Help us to create a cultural centre for Uganda’s Batwa community. It will serve as a vital source of income and cultural preservation, offering a sustainable means to cultivate plants essential for their traditional medicines and crafts. It will be a space where Batwa can pass on their traditional knowledge and preserve their heritage for youth and future generations.

The Batwa community are an indigenous people who once thrived in the highland forests in western Uganda. In the 1990s, they were unjustly evicted from their ancestral lands by government authorities in the name of wildlife conservation.

“We miss our strong medicines that we used to take while in the forest, because every time we would take the medicines we would be strong and happy.”

– Batwa community member

This displacement left the Batwa community devastated and landless. Today, Batwa live on the peripheries of their former home – the forests – which they are not allowed to enter. They live in dire conditions, many in temporary shelters on roadsides. The community is yearning to reconnect with their ancestral lands and culture, which are deeply intertwined.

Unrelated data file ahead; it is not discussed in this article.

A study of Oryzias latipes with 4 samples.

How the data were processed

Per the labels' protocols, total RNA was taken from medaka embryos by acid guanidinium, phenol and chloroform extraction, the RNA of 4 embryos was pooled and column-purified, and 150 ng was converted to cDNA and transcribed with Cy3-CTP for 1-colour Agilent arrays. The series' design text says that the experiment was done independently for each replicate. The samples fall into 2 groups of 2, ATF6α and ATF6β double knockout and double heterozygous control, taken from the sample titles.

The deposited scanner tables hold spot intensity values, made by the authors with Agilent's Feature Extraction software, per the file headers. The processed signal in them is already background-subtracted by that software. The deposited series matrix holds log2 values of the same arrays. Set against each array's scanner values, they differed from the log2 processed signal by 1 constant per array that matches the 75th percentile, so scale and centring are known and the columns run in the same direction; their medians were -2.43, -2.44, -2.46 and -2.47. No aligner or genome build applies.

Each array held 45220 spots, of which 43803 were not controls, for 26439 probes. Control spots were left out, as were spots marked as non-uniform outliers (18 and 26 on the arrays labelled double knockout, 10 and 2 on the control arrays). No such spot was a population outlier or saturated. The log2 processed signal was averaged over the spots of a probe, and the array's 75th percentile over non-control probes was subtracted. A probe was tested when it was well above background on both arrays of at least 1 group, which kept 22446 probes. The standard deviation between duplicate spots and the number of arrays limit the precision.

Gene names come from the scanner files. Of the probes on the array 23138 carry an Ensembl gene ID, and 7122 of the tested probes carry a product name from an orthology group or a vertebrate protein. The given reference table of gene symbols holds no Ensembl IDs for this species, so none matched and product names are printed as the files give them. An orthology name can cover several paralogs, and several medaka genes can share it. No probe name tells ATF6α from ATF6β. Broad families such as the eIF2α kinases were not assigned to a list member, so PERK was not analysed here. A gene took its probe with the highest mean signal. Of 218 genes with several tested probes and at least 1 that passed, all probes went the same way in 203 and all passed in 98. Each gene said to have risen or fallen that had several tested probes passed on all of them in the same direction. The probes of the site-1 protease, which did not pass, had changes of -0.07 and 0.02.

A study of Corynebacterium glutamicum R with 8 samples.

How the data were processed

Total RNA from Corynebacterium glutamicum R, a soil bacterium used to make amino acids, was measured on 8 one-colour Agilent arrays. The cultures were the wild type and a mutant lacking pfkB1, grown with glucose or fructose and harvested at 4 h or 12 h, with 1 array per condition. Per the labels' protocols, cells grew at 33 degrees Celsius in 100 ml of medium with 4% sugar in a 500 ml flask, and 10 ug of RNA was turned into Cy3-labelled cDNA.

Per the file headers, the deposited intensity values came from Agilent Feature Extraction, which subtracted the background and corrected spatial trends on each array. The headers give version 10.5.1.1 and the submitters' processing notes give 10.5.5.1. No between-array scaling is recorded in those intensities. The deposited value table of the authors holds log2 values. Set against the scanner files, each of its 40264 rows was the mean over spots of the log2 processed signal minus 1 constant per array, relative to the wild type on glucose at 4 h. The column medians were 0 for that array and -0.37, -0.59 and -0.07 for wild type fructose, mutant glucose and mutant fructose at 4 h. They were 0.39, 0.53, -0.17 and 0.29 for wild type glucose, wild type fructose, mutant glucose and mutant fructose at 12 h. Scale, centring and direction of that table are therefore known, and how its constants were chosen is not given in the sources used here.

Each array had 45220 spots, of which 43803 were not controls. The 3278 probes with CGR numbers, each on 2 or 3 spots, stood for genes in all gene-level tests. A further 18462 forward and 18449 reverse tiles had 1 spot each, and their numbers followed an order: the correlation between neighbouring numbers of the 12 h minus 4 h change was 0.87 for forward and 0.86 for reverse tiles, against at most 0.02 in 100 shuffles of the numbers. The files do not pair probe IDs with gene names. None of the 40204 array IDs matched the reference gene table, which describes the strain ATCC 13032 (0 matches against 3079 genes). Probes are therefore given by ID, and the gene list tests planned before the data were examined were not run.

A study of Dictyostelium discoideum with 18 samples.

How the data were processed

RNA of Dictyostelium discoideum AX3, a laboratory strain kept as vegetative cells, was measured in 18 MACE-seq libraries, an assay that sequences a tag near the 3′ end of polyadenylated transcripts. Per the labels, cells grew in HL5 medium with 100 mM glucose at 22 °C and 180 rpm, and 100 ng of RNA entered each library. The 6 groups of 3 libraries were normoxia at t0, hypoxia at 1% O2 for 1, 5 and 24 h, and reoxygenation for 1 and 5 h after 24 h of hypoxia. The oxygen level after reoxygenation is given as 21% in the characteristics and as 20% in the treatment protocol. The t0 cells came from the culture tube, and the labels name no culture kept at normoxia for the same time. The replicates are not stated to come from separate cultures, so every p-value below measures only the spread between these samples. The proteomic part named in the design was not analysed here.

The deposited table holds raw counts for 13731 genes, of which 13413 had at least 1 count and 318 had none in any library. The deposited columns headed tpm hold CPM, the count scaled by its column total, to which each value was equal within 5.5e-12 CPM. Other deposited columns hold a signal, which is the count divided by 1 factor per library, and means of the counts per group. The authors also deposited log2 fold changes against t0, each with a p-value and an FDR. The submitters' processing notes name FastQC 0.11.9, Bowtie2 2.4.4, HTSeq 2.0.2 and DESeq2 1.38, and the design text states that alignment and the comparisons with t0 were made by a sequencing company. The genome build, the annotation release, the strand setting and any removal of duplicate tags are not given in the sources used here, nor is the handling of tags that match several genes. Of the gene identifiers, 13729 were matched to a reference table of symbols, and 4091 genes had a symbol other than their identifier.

Currently, Batwa culture is largely performed for tourists as a source of income, run by third parties. Led and managed by the Action for Batwa Empowerment Group (ABEG) – an organization run by Batwa themselves – this cultural centre will be a beacon of Batwa culture, allowing the community to celebrate their traditions on their own terms.

Minority Rights Group (MRG) is hosting this appeal by request from ABEG. All donations will go to ABEG so that it can set up the centre.

Batwa heritage is vital for the community’s sense of identity, mental health and wellbeing. You can stand with ABEG to celebrate and strengthen it. Donate today to let the community know they are not alone in their efforts to protect their heritage for generations to come.

MRG and ABEG are members of the Land Body Ecologies project, a transdisciplinary research group seeking to understand the mental health impacts of environmental change on indigenous and land-dependent communities. This project has been integral to the development of the cultural centre. To learn more about the mental health impacts of forced eviction for the Batwa, read the study led by ABEG, published in PLOS Global Health.

  • Top: Livera, a Bwindi artist who does basket weaving. Bwindi Hub, Uganda. Credit: Samrawit Gougsa/Minority Rights Group.
  • Middle: Sylvia Kokunda, CEO of Action for Batwa Empowerment Group, holds a fruit traditionally found in the forests from which Batwa were evicted in the 1990s. Credit: Samrawit Gougsa/Minority Rights Group.
  • Lower banner: Batwa community members performing a traditional dance in Kanungu, Uganda. Credit: Thomas Alboth.